Instant Sobriety: Just Add Cancer!
This post took me waaaaaay longer than I anticipated and probably seems a little disjointed because the four days between talking to my mom and getting on the plane are still difficult to discuss. Let’s just say that I took my mom’s advice and googled inflammatory breast cancer. SPOILER ALERT: it’s the only kind of breast cancer whose staging starts at stage IIIB. I did not take this news well.
Saturday, October 22, 2011
Today is Homecoming at my alma mater. B and I had both completely forgotten about it until approximately 6:30 a.m. PDT, which is when the drunken text messages started from our respective fraternity brothers/sorority sisters, who are apparently determined to teach those undergrads a thing or two about tailgating. Kids gotta respect their elders <stamps cane on ground for emphasis>. They also have to get off my lawn.
Conveniently, neither B nor I were rudely awakened by said drunken texts, as we were already en route to McCarran Airport. I was about to fly home to Michigan for an indeterminate period of time to take care of The Mother. Nooo, we were just rudely awakened by cancer, instead. <squint-smile>
At this point, I have been awake for almost 100 hours and am being kept alive by a combination of Red Bull and fear. Somehow, I manage to check my bags, go through security and make it my gate.
As the boarding process starts, my phone rings. It’s my old roommate, K, and she’s got me on speaker. She and several of my favorite people in the whole world decided that I needed a good old-fashioned drunk dial, just because. I check the clock, and it’s just past noon in Michigan. God bless ‘em.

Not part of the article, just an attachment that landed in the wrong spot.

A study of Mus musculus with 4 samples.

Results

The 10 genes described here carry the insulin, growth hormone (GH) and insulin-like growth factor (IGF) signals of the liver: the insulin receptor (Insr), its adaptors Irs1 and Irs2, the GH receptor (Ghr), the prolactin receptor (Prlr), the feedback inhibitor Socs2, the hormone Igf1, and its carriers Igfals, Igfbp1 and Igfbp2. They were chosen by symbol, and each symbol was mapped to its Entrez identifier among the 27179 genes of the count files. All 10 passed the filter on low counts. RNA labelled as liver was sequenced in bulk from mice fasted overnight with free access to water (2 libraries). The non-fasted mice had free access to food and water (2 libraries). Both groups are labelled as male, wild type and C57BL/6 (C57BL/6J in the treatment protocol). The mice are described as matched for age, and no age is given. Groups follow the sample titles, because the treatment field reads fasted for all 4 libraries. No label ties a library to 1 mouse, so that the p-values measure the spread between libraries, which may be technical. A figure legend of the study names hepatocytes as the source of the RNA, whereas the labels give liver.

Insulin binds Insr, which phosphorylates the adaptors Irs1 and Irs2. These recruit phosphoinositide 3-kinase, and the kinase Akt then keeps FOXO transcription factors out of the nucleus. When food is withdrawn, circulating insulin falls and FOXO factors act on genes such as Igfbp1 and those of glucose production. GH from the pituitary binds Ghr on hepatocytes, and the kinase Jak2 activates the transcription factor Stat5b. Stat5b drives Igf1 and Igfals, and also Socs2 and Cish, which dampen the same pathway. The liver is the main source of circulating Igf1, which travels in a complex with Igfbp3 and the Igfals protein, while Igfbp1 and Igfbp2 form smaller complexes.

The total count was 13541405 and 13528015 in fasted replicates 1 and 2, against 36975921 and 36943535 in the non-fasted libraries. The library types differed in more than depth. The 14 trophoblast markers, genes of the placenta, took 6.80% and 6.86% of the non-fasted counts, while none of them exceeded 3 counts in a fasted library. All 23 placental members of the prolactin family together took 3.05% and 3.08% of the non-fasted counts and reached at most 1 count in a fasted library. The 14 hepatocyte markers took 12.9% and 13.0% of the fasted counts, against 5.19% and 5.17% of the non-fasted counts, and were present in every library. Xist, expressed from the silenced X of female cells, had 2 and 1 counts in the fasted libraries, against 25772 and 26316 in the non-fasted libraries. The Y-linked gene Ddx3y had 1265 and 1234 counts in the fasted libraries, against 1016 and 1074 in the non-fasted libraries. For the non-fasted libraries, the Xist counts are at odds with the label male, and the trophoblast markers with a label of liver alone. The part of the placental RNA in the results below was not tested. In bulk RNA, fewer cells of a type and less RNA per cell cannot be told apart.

These ladies are some of the great loves of my life. It has been more than a year since I’ve heard some of their voices and the sudden rush of emotion is overwhelming. It’s the kind of emotion that can only be described as:
<SHRIEKING AND CLAPPING AND HOPPING>
But the mental effort involved in restraining myself from shrieking and clapping and hopping saps the last few Red Bull fumes and my brain is now giving me the spinning wait cursor
It’s at this point that I realize that there’s no possible way for this call to end well. The fact that I did not shriek or clap or hop cuts through my friends’ buzz and they KNOW something is up. I try desperately to cut the call short because this is NOT the time or place (for any of us) to tell them about my mom. She’s close with all of them and they love her to pieces. My brain feels heavy inside my skull, and the damn spinning wait cursor is still there.
NOW BOARDING ZONE TWO PASSENGERS FOR DETROIT. ZONE TWO PASSENGERS, WELCOME ABOARD.
“Heeey…what was that? Wait, are you coming home?!”
Then, in what might be considered the worst act of party pooping in history, I take a page from my mom’s playbook. “uhhhhh…yeah, for a few weeks at least. My mom’s got cancer, and right now they’re running tests to see if it has spread.” I approach the lady scanning boarding passes. “Ok, gotta run! Love you guys! Byeeeeeee!”